When a relative passed away, other than cremation, there are many things you have to deal with. From emotional trauma to the death certificate, you have so many things to do. Mostly, people give last preference to the death certificate, which is incorrect.
The death certificate is very important for various events after death and should be registered with state or local vital records within a matter of days, following the date of death.
With the utmost importance of Death Certificate, many people often get confused what it is, how and where to obtain the legal death certificate of a loved one.
Let’s shed some light on this topic
What is a Death Certificate?
Death Certificate (DC) is the essential legal record of a deceased person about the reason of his/her death. It carries all information from the name, address to the reason of the death of a deceased. Moreover, this certificate is often needed for a number of events after death.
Death certificates contain all the carefully generated information about the deceased. It includes:
- Full name of the deceased
- Date of Birth
- Father name
- Mother name
- Complete or partial social security number
- Veteran’s claim number or discharge (if applicable)
- Marital status
- Date, time, and place of death
- Reason for death
Getting the Death Certificate
Every state has their own set of rules when it comes to obtaining the death certificate. In many states, a death certificate must be obtained within 72 hours of the demise and in some, it must be obtained within 36 hours after death.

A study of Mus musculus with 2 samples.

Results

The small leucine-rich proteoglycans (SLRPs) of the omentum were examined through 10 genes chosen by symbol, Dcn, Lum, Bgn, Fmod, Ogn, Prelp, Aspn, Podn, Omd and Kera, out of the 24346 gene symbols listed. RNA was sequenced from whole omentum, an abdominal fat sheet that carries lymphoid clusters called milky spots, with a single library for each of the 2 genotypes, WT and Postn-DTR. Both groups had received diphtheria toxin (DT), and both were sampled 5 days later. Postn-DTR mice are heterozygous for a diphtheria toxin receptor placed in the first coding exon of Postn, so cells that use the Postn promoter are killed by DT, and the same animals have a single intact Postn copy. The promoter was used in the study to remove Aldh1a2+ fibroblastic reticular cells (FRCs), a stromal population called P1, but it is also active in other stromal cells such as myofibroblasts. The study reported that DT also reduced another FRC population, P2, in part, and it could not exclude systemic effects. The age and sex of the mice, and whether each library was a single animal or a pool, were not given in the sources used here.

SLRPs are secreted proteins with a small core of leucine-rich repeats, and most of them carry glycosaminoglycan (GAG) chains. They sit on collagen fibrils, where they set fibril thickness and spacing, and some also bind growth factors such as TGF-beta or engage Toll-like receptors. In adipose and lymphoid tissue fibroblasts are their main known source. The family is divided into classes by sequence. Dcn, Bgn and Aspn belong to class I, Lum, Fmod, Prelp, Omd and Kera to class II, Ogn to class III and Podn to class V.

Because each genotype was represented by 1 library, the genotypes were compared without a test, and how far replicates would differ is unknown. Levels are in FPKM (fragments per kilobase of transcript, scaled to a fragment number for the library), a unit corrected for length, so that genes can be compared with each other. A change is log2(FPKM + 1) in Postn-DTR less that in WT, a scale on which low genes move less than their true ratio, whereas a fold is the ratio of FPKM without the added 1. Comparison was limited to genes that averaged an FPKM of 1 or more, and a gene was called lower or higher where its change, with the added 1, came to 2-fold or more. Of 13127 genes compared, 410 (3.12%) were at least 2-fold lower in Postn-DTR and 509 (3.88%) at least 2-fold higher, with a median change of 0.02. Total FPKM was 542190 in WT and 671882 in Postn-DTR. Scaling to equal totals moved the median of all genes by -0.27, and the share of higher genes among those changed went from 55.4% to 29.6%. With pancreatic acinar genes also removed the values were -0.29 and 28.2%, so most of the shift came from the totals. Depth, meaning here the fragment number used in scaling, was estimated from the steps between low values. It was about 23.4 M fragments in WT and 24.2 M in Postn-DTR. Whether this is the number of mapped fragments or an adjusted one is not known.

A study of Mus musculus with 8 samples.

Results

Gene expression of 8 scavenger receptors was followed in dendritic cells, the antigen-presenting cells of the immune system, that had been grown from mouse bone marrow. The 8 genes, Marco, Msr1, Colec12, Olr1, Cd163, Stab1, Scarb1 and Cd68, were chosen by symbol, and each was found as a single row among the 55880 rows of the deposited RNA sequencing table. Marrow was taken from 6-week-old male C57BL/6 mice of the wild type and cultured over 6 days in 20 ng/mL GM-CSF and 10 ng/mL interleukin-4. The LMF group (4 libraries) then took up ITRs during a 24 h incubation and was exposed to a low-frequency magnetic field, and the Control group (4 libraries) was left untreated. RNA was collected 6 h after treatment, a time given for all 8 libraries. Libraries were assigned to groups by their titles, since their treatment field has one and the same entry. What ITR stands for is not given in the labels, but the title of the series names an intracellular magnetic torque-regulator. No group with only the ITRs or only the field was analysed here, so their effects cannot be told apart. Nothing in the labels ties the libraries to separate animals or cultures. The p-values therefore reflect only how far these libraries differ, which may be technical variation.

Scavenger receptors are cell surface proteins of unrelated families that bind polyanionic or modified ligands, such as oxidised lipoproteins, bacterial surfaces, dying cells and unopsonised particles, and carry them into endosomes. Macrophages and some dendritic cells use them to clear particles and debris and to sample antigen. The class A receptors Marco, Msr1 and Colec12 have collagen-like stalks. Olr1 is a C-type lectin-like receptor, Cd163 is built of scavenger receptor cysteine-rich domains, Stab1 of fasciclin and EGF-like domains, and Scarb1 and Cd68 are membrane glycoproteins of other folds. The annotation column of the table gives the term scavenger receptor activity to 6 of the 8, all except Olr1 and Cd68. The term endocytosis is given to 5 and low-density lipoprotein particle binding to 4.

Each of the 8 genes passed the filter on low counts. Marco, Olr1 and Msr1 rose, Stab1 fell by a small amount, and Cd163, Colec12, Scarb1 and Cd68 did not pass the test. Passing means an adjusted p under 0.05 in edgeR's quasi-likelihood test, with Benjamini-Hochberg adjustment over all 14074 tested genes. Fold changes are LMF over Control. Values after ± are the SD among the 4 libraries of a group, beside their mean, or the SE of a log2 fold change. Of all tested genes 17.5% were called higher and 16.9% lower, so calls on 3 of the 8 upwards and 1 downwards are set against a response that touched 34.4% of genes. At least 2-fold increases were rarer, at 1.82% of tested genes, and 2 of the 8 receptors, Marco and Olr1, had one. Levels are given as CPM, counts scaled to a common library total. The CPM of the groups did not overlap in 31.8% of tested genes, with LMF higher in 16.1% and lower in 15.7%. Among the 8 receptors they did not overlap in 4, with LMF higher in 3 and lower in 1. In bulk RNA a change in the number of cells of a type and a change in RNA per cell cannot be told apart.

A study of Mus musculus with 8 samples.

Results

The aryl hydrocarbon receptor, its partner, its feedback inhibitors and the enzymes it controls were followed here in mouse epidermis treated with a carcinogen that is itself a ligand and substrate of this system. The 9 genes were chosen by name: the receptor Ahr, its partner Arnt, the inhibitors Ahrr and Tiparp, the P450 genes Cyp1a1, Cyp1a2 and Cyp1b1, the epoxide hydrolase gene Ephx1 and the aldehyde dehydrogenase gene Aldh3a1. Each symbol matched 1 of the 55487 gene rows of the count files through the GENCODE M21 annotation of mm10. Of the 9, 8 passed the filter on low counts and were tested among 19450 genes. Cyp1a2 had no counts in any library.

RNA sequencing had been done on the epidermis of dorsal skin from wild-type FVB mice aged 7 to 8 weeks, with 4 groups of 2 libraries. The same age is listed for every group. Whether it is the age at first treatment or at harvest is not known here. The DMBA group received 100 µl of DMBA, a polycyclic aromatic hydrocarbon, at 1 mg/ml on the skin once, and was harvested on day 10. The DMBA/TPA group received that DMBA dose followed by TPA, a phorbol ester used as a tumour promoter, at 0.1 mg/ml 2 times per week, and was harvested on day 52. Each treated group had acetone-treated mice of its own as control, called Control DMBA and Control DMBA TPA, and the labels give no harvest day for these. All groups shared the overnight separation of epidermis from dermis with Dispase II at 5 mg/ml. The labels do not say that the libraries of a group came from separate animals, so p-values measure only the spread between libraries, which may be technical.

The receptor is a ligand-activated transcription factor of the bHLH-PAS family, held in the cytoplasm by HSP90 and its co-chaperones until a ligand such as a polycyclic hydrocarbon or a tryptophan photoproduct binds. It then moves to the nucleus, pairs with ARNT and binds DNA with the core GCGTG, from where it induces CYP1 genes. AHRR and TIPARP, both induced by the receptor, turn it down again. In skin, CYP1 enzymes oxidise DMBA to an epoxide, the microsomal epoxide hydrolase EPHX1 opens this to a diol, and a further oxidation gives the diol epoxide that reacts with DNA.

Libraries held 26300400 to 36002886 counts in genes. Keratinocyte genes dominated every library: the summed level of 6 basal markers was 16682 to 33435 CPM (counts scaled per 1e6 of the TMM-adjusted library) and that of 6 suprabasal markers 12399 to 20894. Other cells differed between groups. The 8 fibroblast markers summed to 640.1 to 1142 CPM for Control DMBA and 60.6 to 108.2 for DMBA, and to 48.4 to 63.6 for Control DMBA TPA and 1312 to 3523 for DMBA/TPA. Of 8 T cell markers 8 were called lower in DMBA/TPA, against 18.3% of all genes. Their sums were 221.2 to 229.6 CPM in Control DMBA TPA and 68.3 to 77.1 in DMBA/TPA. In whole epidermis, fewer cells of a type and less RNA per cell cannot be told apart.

So, the first step you need to do is- visit your local clerk office. Because death certificates are not considered as public records, only family members or legal parties like funeral homes, attorneys can obtain them legally.
Death certificates are required in many places. You will need it to make arrangements for remains deposition and for managing administrative and post-funeral estate affairs.
To obtain copies of death certificate, you or your funeral home can request directly to the state. Depending on your state policies, you can also obtain death certificate online through VitalChek that manages records of various government agencies.
After filing the death certificate, you will be received a burial permit. In many states, without a burial permit, the body can’t be buried.
Who completes a death certificate?
A DC is completed by two parties jointly- A licensed funeral director who confirms that the body of deceased was handled properly and will file the death certificate with the health department and medical certifier (medical examiner, coroner, or a physician) who will validate the time and cause of death.
To sum up
Death is an unpleasant event yet the reality of life. The easy and simple way to obtain the certified copies of the death certificate is to contact mortuary or funeral home at the time death. For claiming property or other benefits, you should ask for at least 10 copies. The cost of these copies depends on state to state.